Snake Surly had a bit on her blog that looked like a quote, but without an attribution. It was deep, and it didn't sound like her writing (but not because it was deep because her writing is deep at times). I had a comment on it which, on reflection, I wanted to expand upon (in my most self-indulgent prose). My comment was:
I think we all have great internal conflict, at least those of us who are self-aware, and these conflicts drive us by providing a palpable difference between our percieved state and our desired state. To the end, these conflicts remain irreconcilable, unless we give up and give in. Sometimes the fickle winds of conflict drive us off course, and sometimes they push us fast to our true destination.I felt the metaphor of the wind driving us needed a lot more work so now I write:
We are as sailing ships, launched onto the sea by our parents, for as we leave home we experience for the first time the endless possibilities of where to take our lives, and the uncertain feelings of the moving seas beneath us. So we sail about, aimlessly at first, then with purpose as we spy a destination in the distance. (Some lost ships sail aimlessly forever, never lifting their gaze from the froth at the bow splashing against the breasts of the figurehead.)
As we ply the seas we feel the winds aginst our sails. Some of us have very large sails indeed, woven of intellect and creativity. Those ships can go far and fast. Some of us have very stout rudders, forged from discipline and determination. Those ships can sail straight on course. Some ships have large sails and weak rudders; it is very hard for them to maintain their course and they tend to drift when the winds blow. Worse is to have a stout rudder and diminutive sails for these ships cannot go where others may, no matter what the captain or crew wants.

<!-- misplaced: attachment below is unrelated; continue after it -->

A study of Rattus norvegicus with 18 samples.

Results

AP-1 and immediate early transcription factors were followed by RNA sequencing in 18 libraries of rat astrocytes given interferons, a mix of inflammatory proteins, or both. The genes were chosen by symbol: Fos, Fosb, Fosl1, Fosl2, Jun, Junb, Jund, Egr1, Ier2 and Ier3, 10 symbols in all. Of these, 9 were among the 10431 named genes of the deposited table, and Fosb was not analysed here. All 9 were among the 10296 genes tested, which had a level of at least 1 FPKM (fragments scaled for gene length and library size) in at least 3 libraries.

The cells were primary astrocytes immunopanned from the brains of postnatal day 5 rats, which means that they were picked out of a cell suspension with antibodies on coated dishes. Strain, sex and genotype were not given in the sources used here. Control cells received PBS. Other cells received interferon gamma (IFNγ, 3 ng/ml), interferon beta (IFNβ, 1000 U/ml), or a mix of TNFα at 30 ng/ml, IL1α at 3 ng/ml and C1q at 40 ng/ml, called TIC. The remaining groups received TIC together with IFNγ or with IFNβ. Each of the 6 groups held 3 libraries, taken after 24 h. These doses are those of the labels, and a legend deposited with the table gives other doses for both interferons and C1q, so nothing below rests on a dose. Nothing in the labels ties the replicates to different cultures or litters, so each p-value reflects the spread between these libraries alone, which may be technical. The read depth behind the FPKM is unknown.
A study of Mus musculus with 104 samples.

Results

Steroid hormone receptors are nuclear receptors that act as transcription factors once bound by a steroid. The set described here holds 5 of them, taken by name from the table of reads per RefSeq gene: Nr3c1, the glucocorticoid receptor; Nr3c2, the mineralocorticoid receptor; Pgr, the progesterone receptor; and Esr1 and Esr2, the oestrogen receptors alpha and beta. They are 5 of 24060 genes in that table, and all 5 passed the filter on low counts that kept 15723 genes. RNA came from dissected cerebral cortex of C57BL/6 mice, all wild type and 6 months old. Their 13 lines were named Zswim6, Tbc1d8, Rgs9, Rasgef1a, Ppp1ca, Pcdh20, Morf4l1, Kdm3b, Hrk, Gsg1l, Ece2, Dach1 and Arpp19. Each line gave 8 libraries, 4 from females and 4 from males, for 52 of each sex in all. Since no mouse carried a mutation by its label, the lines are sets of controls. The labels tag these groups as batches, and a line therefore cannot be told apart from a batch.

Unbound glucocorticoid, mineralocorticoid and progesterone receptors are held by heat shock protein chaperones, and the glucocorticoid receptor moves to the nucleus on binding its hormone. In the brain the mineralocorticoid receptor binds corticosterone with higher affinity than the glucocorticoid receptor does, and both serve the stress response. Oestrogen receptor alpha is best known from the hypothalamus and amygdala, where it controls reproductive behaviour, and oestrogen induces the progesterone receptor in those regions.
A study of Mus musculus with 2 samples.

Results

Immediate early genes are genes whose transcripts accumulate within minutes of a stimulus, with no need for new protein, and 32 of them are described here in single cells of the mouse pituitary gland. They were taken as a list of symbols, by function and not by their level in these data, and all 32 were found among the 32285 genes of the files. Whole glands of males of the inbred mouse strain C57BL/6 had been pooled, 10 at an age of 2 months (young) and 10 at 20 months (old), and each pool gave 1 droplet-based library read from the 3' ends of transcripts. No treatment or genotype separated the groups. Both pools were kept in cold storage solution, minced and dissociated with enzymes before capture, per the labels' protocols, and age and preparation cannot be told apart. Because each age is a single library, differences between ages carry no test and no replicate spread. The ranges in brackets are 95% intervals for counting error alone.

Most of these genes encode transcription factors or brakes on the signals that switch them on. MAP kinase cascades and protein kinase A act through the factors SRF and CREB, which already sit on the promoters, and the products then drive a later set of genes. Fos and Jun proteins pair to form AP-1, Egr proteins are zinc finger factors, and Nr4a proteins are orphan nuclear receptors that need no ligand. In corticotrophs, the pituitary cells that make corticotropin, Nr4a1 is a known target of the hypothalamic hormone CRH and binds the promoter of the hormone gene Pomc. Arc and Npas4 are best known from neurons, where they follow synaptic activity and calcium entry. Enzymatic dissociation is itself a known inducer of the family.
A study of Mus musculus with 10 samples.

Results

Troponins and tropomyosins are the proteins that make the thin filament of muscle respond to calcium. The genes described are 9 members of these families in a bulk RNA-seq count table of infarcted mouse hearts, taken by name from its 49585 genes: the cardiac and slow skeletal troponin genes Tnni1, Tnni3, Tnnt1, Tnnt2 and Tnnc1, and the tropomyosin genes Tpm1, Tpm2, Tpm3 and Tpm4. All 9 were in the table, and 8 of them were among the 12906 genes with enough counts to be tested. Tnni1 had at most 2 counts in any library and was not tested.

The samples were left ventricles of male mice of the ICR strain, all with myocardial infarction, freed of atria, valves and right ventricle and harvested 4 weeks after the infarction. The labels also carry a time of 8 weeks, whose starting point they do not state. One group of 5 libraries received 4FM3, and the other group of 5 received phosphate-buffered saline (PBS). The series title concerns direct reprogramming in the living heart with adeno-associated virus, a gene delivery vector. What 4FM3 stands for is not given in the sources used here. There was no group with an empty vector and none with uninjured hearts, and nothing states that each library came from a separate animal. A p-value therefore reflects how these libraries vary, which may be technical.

When we sail to the regular ports of call all is well; we know the straights and shoals and we come to rest at our berth with ease. New destinations are harder to find and we may hit a sandbar or a rocky bottom on our adventure. Running aground is best avoided by prudence, not happenstance, and our safe return depends on it. When the sounding tells us that we are about to run aground it is wise to decisively correct our course.
Our crew depends on us for their very survival and to some extent their prosperity. We owe it to them to have stout rudders and good sails. When we deliver our crew to their adventure and fortune, they may say as much as "good ship" if we're lucky. But cursed (literally) is the ship that fails its crew.